Northern Gateway Pipeline: Protesters Greet Start Of Hearings In Alberta

The Douglas Channel, the proposed termination point for an oil pipeline from Alberta is seen at sunset in Kitimat, B.C., on Monday Jan. 9, 2012. Public hearings begin Tuesday for the proposed $5.5-billion project to pipe Alberta oil 1,200-kilometres across Alberta and British Columbia to the northwest coast community of Kitimat, where the oil will be shipped overseas by oil tankers. (AP Photo/The Canadian Press, Darryl Dyck) | AP

EDMONTON - Aboriginal drums thrummed and protesters shivered in a cold parking lot Tuesday as public hearings into the proposed $5.5-billion Northern Gateway oil pipeline got underway in Alberta.

"We're hoping to raise awareness that there are people in Alberta who are opposed to this pipeline as well," said Mike Hudema of Greenpeace. "What we heard in B.C. is almost unanimous opposition."

About 20 protesters carried signs and talked to an almost equal number of reporters as the hearings inside an Edmonton hotel commenced with a sweetgrass ceremony.

Enbridge (TSX:ENB) wants to build a 1,170-kilometre twin pipeline that would carry oilsands bitumen from Alberta to Kitimat in northwest B.C., where huge tanker ships would transport it to Asia.

The Alberta and federal governments have said the pipeline is crucial to building new markets for the country's resources, especially in Asia.

Chinese state-owned enterprises have invested $5 billion in Canada's resource sector. But without a pipeline to the coast, there's no easy way for large shipments of oil to reach China.

Harper has made it clear that he views China and its Asian neighbours as important new markets for Alberta oil. It's a point he has emphasized since U.S. President Barack Obama's administration turned down TransCanada's (TSX:TRP) $7-billion Keystone XL pipeline project that would have transported oilsands crude to refineries on the U.S. Gulf coast.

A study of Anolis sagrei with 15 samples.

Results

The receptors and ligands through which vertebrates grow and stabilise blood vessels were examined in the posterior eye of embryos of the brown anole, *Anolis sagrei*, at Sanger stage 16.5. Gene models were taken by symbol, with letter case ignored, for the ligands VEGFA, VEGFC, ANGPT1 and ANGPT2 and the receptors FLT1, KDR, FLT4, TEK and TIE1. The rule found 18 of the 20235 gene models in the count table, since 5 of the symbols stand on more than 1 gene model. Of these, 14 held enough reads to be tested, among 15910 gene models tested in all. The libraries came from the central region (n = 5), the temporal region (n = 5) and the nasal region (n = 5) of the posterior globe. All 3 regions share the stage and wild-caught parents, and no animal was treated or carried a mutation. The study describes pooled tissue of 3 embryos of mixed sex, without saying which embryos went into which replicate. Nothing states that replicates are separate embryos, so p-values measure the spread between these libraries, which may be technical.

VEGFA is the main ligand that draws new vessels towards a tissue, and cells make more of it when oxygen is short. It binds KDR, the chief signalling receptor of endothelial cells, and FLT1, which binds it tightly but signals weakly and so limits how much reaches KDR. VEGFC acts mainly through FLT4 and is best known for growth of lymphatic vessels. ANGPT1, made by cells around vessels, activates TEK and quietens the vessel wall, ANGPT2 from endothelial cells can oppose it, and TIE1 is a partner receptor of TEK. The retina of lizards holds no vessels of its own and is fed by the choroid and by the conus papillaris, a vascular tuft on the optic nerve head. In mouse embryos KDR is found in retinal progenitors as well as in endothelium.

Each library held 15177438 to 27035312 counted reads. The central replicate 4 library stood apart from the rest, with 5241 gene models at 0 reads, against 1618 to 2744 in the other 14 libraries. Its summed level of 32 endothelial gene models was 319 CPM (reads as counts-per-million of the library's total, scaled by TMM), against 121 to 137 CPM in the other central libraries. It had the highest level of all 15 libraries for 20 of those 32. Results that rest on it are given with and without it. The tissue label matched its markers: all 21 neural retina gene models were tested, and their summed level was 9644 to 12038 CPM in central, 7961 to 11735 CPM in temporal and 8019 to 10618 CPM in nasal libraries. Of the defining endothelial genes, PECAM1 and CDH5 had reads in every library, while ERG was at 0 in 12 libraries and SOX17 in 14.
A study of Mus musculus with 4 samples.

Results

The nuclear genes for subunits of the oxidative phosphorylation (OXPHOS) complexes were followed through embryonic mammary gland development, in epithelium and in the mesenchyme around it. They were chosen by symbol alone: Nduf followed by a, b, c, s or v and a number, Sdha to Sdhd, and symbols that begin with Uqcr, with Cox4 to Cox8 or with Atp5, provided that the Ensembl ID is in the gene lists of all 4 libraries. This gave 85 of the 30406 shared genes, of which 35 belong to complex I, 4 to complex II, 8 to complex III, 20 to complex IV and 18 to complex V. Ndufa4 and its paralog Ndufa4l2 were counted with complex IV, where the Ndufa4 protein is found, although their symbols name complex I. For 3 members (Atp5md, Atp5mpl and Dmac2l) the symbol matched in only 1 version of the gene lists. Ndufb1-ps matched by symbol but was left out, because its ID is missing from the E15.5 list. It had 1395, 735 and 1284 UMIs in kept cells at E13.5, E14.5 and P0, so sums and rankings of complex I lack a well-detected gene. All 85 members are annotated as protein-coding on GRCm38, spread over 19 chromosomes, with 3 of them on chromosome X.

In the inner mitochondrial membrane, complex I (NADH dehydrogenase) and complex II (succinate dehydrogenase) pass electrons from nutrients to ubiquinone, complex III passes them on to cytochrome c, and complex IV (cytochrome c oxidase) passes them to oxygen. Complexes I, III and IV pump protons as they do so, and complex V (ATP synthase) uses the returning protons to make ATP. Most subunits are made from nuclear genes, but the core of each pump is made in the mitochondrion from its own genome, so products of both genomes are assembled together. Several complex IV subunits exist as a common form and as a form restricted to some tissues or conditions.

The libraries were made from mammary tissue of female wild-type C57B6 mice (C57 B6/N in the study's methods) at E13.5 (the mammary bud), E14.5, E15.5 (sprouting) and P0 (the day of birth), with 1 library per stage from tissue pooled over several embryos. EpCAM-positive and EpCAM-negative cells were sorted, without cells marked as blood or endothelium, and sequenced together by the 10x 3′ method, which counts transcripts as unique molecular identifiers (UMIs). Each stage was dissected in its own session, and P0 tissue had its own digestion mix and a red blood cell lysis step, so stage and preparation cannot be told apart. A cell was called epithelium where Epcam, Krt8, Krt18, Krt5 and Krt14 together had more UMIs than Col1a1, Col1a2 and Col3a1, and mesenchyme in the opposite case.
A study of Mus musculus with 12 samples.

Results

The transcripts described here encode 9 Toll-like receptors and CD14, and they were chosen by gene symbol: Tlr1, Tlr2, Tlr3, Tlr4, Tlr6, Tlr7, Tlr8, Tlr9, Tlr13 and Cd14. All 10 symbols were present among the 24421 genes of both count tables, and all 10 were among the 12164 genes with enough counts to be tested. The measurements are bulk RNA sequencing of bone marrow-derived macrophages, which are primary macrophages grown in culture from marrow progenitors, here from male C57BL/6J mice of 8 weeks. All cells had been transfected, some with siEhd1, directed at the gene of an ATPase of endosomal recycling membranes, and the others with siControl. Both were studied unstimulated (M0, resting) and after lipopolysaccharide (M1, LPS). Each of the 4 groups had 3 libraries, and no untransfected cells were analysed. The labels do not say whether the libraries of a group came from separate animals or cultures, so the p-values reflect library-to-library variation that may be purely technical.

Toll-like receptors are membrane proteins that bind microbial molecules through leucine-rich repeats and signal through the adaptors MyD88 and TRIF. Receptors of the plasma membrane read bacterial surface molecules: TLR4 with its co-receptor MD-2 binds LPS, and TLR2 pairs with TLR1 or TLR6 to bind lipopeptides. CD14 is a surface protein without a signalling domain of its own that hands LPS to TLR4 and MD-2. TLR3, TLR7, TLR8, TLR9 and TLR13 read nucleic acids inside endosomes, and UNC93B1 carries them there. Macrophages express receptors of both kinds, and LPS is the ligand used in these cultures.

But environmental, aboriginal and social action groups say the risks of a pipeline rupture or oil tanker spill are too great. Not only would the pipeline cross mountain ranges, rivers and streams, it would fill more than 200 tankers a year that would have to navigate the treacherous waters of the Douglas Channel before reaching open sea.

"It's just short-term thinking," said protester Martin Tweedale. "What we need to be looking at is 20, 30, 40, 50 years down the line."

Tweedale acknowledged his position is in the minority in Alberta — but insisted he's not alone.

"I'm always surprised at the number of people who are sympathetic and have grave reservations about the whole development of the tarsands," he said.

Hudema said he's concerned that the open support from the Harper and Alberta governments suggests the hearing's conclusion is foregone.

"Will the over 4,000 people who have registered to speak at this hearing be heard, or is the decision already in?" Hudema asked.

The Edmonton session was slated to begin with a range of speakers from aboriginal bands.

"Our lands have a lot of medicine and game and (the pipeline) wrecks it," said Dale Alexis of the Alexis First Nation.

"Once that pipeline goes through, we won't be allowed to hunt on those lands, so it takes away a lot of our cultural activities. If we don't (start) fighting, nobody's going to stand up for us. We have to stand up for ourselves."

The hearings started in British Columbia earlier this month. They will travel across B.C. and Alberta for at least the next 18 months and perhaps more.